Tackling the taboo of homosexuality in Dutch football

The Netherlands may still enjoy a vestige of its former reputation for liberal tolerance amongst its global country peers but recent political developments have seen a populist right-wing anti-islam party tacitly supporting a right-wing coalition which has been tough on immigration and also came up with the ‘brilliant’ idea of the Weed Pass, which may potentially make it very hard indeed for cannabis coffeeshops to survive.

BNN team: Barend, van Praag, Hilbrand and Levchenko (photo A vd Togt)

BNN team: Barend, van Praag, Hilbrand and Levchenko (photo A vd Togt)

So many liberal landmarks gone or threatened in such a short time.

But Holland has always been – and still is at the time of writing – a bastion of the gay community. The Netherlands passed a law a decade ago which permits homosexual marriages, and the country’s central position in matters of gay rights and movements (2012 is Pink Year in the town of Haarlem, for example), has never really been in dispute. So perhaps it is not surprising that the taboo of male homosexuality in professional Dutch football is now to be tackled.

BNN (a Dutch TV broadcasting organisation) has pulled together a few important footballing figures along with one of their more popular presenters for a one-off theme evening under the name FC Gay (linked article in Dutch), which will also serve to launch a campaign on the same subject by the Royal Dutch Football Association (KNVB). The campaign is due to be launched on 11 October 2012, national ‘coming-out day’.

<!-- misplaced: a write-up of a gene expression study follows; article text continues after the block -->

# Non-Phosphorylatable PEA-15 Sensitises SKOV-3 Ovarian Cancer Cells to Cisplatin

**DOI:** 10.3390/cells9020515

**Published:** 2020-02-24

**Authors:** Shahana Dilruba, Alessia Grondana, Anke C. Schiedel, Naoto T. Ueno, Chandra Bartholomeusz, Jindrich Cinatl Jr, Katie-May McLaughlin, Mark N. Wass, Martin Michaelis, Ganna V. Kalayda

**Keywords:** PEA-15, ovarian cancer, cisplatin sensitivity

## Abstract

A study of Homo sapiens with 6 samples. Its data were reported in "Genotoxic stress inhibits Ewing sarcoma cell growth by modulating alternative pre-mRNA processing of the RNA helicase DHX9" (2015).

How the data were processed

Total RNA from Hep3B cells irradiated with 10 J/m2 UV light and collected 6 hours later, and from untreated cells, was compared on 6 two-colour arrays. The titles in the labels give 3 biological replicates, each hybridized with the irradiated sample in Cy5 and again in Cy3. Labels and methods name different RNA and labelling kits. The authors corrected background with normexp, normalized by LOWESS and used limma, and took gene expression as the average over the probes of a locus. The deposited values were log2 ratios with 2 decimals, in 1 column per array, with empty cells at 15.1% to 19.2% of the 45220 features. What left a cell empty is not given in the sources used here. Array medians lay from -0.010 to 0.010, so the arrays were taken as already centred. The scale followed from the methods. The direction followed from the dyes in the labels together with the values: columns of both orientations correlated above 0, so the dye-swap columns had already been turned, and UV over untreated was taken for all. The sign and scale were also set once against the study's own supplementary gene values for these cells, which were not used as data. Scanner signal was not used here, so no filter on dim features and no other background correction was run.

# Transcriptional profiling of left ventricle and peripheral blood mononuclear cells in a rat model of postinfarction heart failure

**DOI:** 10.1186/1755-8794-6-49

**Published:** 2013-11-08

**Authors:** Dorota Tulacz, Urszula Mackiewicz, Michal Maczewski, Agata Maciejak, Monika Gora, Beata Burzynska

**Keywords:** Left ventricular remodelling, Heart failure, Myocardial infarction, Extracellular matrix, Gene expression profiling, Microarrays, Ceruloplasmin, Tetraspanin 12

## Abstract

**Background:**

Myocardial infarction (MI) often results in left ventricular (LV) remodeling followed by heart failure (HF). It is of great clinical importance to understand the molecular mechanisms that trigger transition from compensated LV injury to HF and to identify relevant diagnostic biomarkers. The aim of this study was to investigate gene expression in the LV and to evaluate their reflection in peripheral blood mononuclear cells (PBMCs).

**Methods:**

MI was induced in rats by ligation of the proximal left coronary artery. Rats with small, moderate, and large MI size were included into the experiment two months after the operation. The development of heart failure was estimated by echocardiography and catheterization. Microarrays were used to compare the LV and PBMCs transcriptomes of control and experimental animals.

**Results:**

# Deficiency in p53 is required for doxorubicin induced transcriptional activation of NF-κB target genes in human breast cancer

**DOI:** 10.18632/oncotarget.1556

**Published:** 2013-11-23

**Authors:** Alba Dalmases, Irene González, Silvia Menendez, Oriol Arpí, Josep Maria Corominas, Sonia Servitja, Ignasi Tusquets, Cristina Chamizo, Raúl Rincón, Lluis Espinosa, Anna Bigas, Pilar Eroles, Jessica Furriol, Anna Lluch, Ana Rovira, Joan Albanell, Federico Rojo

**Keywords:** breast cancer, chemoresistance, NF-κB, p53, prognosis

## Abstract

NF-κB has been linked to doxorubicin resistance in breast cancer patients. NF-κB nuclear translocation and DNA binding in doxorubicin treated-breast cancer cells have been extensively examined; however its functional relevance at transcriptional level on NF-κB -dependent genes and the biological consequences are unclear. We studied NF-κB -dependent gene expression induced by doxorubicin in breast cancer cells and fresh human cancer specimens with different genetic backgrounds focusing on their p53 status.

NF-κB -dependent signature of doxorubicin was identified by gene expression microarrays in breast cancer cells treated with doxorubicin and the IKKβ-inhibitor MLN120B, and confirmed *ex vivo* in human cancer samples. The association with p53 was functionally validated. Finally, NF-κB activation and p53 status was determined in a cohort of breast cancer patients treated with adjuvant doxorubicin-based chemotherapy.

Taking part in the programme will be KNVB president Michael van Praag (ex-director of Ajax), former Eredivisie (premier league) footballer Evgeniy Levchenko, tv pundit Frits Barend and ex pro footballer Wensley Garden, a gay footballer who did come out… once his career was over.

Presenting the show will be Sophie Hilbrand, a popular and forthright young woman who also happens to have a history of presenting brutally honest programmes exploring taboo subjects in society. She should not have too much trouble asking the ‘difficult’ questions.

BNN has intimated that the viewers can expect questions like, “Would supporters really attack players if they find out their striker likes men?”, and, “Are gay footballers simply not tolerated by their fellow players?”

Meanwhile, ex-footballer Garden, who claims it was ‘impossible’ to come out during his career, will revisit his old team-mates to question and confront them about gays in football.

A spokesperson for the KNVB said that they had been considering the campaign for some time and that they had now decided the moment was right to confront the issue, saying, “The only way to tackle this problem is collectively, involving all the relevant organisations”.

It is perhaps ironic that the announcement comes in the same week that ex-Dutch international Frank de Boer has been criticised by a gay rights lobby group for telling BNN that there weren’t any gay men in football “because they tend to have different motor skills to straight men”. And Italian international and AC Milan player Antonio Cassano was fined for saying that he “hoped there were no homosexuals in the Italy squad for the [Euro 2012] tournament in Poland and Ukraine”.

Given that the world of professional football in Holland is probably just as macho-minded as most of its global counterparts, what are the chances of BNN actually outing a currently playing professional gay player? Well, pretty slim really. Or to put it more optimistically: fat chance!